Food Business Incubator Leader Extends Concept to Craft Beer in the World’s First Co-working Incubator Brewery
After several years of success helping launch food businesses at the forefront of the nation’s “kitchen incubator” movement, industry leader and innovator Lucrece Borrego is now launching the world’s first co-working brewery and incubator in historic downtown Houston, Texas. The incubator will foster the development of craft breweries by providing a pilot facility, tap room, support network and audience accessible to all aspiring brewers.
Borrego joined forces with brewer partner and engineer Jesus Acosta to extend the Kitchen Incubator (kitchenincubator.com) model to craft brewing. Having launched over a dozen companies in just two years and inspired as well as co-developed food incubators around the country, the model has become a leading development tool for food business incubators across the world. The partners have already built out the facility adjacent to the Kitchen Incubator and are currently seeking $25,000 to help build the ultimate shared-use brew system and tap room on Kickstarter (kickstarter.breweryincubator.com). The kitchens and brewery combine into a single storefront as a unique collaborative brewpub, a business badly longed for in Houston, a city missing a brewpub in spite of a burgeoning craft brewing scene.
Through involvement with local homebrew clubs and hosting popular bottleshares at their craft coffee shop, Cafe Luz, Borrego and Acosta have already reached deep in the Houston beer community to understand the market and its needs. The partners have spent the last six months working with applicant brew concepts to determine the five opening breweries that will be incubated during the first year as members of the League of Extraordinary Brewers. Each brewery has been carefully chosen to fill a specific niche so that the brewpub will always have a variety of beers on tap. Most importantly, the brewers have been invited in because of their strong support for the local beer community and ability to work together in a collaborative business. These breweries will be cultivated not only through the ability to professionally brew and sell their beer, but through business workshops, networking events, co-marketing, investor pitches and collaborations until they are fully ready to launch their own brewery. “We will ensure that when our brewers graduate,” says co-founder Lucrece Borrego, “that they will have all of the tools necessary to succeed – a built in customer base, established brand and industry connections, all the while having a great time and drinking some amazing beer.”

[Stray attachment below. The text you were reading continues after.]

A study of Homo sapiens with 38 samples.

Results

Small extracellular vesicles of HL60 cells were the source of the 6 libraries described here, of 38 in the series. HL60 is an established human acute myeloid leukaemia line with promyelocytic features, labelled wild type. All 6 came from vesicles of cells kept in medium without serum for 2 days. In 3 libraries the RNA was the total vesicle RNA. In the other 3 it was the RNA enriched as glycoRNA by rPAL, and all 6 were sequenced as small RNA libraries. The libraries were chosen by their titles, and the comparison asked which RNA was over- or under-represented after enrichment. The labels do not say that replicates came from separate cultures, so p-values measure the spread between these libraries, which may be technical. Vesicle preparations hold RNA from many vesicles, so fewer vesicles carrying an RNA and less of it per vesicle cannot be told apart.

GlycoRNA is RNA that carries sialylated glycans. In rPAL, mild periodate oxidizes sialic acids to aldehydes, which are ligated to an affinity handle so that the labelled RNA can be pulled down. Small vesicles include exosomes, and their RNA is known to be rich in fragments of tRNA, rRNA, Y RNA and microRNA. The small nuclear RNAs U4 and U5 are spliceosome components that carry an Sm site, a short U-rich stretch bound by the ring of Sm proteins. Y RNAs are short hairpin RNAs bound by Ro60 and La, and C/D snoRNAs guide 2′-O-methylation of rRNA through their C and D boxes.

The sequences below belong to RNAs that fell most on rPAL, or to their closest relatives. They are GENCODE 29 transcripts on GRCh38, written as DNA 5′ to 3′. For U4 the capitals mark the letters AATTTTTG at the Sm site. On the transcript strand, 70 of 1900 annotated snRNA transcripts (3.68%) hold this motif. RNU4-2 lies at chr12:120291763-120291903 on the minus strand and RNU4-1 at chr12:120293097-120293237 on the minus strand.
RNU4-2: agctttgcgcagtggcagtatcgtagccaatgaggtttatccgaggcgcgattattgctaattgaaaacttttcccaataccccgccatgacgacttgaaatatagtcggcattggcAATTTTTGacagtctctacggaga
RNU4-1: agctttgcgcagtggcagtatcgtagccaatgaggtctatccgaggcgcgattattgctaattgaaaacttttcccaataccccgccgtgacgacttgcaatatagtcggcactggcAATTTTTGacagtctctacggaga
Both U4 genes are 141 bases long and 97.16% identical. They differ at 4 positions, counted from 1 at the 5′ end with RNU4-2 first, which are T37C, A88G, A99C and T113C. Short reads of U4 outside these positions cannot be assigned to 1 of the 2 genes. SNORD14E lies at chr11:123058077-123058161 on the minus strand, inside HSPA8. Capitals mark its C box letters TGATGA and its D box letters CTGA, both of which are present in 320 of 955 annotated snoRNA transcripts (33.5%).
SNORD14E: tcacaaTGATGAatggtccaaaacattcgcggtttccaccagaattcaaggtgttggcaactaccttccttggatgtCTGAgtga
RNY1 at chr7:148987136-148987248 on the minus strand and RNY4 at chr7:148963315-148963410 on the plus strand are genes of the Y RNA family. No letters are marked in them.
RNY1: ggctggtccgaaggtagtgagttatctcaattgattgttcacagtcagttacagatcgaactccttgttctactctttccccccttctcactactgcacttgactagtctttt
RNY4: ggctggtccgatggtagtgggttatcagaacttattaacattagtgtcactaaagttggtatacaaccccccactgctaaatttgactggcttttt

The founders also aspire to serve as a venue for experimental brews and new collaborations, promoting industry innovation and education. A small two barrel system and the flexibility of the brewpub allow for risky brewing that may not be viable on a large scale or for a brewery that must invest in labels, bottles and distribution contracts. The concept is an ideal fit for Texas, a state where outdated legislation on distribution, licensing and labeling has served to deter the growth of craft breweries. The Founders invite all craft brewers from around the world, including gypsy and contract brewers, to collaborate. In Houston, the Brewery Incubator will serve as a hub for the craft beer community, bridging together communities of home brewers and beer drinkers by hosting classes, tastings, community brew-ins and competitions.
Currently, the League of Extraordinary Brewers consists of six different brewing concepts, including the house Luz Brews from co-founders Borrego and Acosta. TBD Brewing specializes in classic styles, High Fidelity in Belgians, Down Easy in pales ales, Frostown in IPAs andWarlocks Games and Beer aspires to be the first ‘gaming brewpub,’ a geek culture mecca for video and board gamers and beer geeks. The Incubator has put on big events such as Craft Beer Quest and their Most Wonderful Time for a Beer Holiday parties and beer pairing dinners to educate the community about the concept and help each brewer gain valuable feedback on their beers. With tastings, bottleshares and a few creative surprises in the works for the remaining weeks of the Kickstarter campaign, the League of Extraordinary Brewers should be well established by their projected February 2013 opening date.
In the final stages of local and federal licensing, an arduous and lengthy process, and with a facility already built out, this revolutionary idea in craft brewing awaits only the Kickstarter funds to finish payment on their custom brew system currently being built in Portland, Oregon. This is, of course, where you come in. Always creative, the brewers have joined together to offer unique and compelling rewards for Kickstarter Backers in addition to beer tastings and party invitations throughout the campaign. Beer scene tours by motorcycle, private beer pairing dinners, custom brewing parties, a Community Supported Brewery monthly bottle membership and even the right to tattoo the founders’ bodies make up just some of the possible Rewards for Kickstarter supporters.
You can learn more about the Brewery Incubator and the League of Extraordinary Brewers by visiting kickstarter.breweryincubator.com and stay up to date by following them on Facebook (facebook.com/brewinc)and Twitter (twitter.com/breweryinc.).